November 20, 2020 - 2:42 pm / News

This year’s National Housing Day (November 22) is more important than ever as COVID-19 has both exacerbated the toll on people experiencing homelessness and further exposed the gaps in Canada’s housing system. Here are three things you can do right now to help make more housing a reality, and end homelessness once and for all.


Now, more than ever before, housing saves lives. COVID-19 has greatly exposed the risk people experiencing homelessness face in a pandemic, but it’s shown we can move quickly if we’re housing-focused in our efforts to shelter people. In this time of uncertainty, what we do know is we can’t return to normal. Normal was 235,000 people across Canada experiencing homelessness and at risk of losing their lives for no other reason than a lack of housing. This National Housing Day is an opportunity to redouble our efforts and recommit to ending homelessness, once and for all. 

We at the Canadian Alliance to End Homelessness, want to recognize the incredible efforts made by frontline workers in the homelessness sector. Frontline staff moved quickly in March to adapt their systems and meet the emergency head on, avoiding what could have been a catastrophic loss of life. We’re also grateful for their continued efforts as we still navigate uncertainty during the second wave.  

This National Housing Day, solutions to the homelessness crisis are paramount.  

That’s why we’ve outlined three easy—but very meaningful—actions you can take this National Housing Day. Ending homelessness, once and for all, requires a collaborative and ongoing effort.  

Here are three actions you can take right now to help end homelessness, once and for all: 

1. Take 30 seconds to help make the government’s promise to end chronic homelessness a reality.  In the Speech from the Throne, the federal government historically committed to ending chronic homelessness—but we need to ensure they follow through on the necessary plans and funding to make it a reality. Support the Recovery for All Campaign’s 6-point plan by telling Prime Minister Trudeau and other federal leaders to implement it in their plans to end chronic homelessness. DO IT HERE.

2. SIGN THE LETTER: Tell your MP to implement a distinct urban, rural, and Northern Indigenous housing strategy. We need a distinct urban, rural, and Northern Indigenous housing strategy that was missing from the National Housing Strategy announced in 2017. More than 80% of Indigenous Peoples across Canada live in communities that are not currently serviced by the distinctions-based strategies that currently exist for First Nations, Inuit, and Métis. Stand with the CHRA Indigenous Housing Caucus by sending your letter. DO IT HERE.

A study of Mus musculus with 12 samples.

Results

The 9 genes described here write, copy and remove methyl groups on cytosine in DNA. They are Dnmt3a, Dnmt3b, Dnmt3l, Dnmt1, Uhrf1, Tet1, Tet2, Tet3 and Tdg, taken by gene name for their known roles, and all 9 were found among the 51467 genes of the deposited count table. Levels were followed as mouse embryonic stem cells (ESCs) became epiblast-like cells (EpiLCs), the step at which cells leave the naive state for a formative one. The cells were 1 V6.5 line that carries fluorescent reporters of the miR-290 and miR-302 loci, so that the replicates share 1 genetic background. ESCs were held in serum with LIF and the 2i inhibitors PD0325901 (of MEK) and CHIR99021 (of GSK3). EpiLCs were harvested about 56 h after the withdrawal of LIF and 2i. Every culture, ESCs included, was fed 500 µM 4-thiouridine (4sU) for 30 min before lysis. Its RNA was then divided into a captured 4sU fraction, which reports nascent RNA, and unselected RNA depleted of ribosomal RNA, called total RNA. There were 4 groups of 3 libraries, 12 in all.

3. OPEN LETTER: Lived experience voices matter. Are you a person with lived or living experiencing of homelessness? The newly formed Canadian Lived Experience Leadership Network has endorsed the Recovery for All campaign and is now calling on the federal government to support the 6-Point Plan and ensure lived and living experience voices are involved in ending chronic homelessness in Canada. DO IT HERE. 

Beyond National Housing Day 

If you’re looking for more opportunities to get involved beyond National Housing Day, join our networks below as they focus on important issues on homelessness. 

The Canadian Lived Experience Leadership Network (CLELN) is a collective of diverse people with lived experience of homelessness and expertise in grassroots organizing, advocacy, mentorship and peer support. CLELN works to ensure that the voices of people with lived experience are in the forefront of all matters regarding homelessness—and to eliminate homelessness and housing insecurity through research, policy, advocacy, training, and collaboration. Learn more. 


The National Right to Housing Network is dedicated to the progressive realization of the right to housing in Canada, and its meaningful implementation. NRHN believes that the key to solving the housing crisis in Canada is to recognize it as a human rights crisis, give a meaningful voice to rights holders, engage with multiple stakeholders, identify and address systemic problems, and develop practical solutions. Learn more or become a member. 


The Women’s National Housing and Homelessness Network is a collective of diverse women, including those with lived expertise, who are working to eliminate homelessness and housing insecurity for women, girls, and gender-diverse peoples across Canada. Learn more. 


The National Alliance to End Rural and Remote Homelessness is a network of individuals and organizations focused on building and elevating a collective voice across Canada to advocate for the importance of preventing, reducing and ending homelessness in Rural and Remote communities. Learn more. 

Check out all of the allied networks the Canadian Alliance to End Homelessness is part of here. 

Now, more than ever, frontline organizations serving people with lived or living experience of homelessness need our help. Visit, to donate to your local organizations: click here.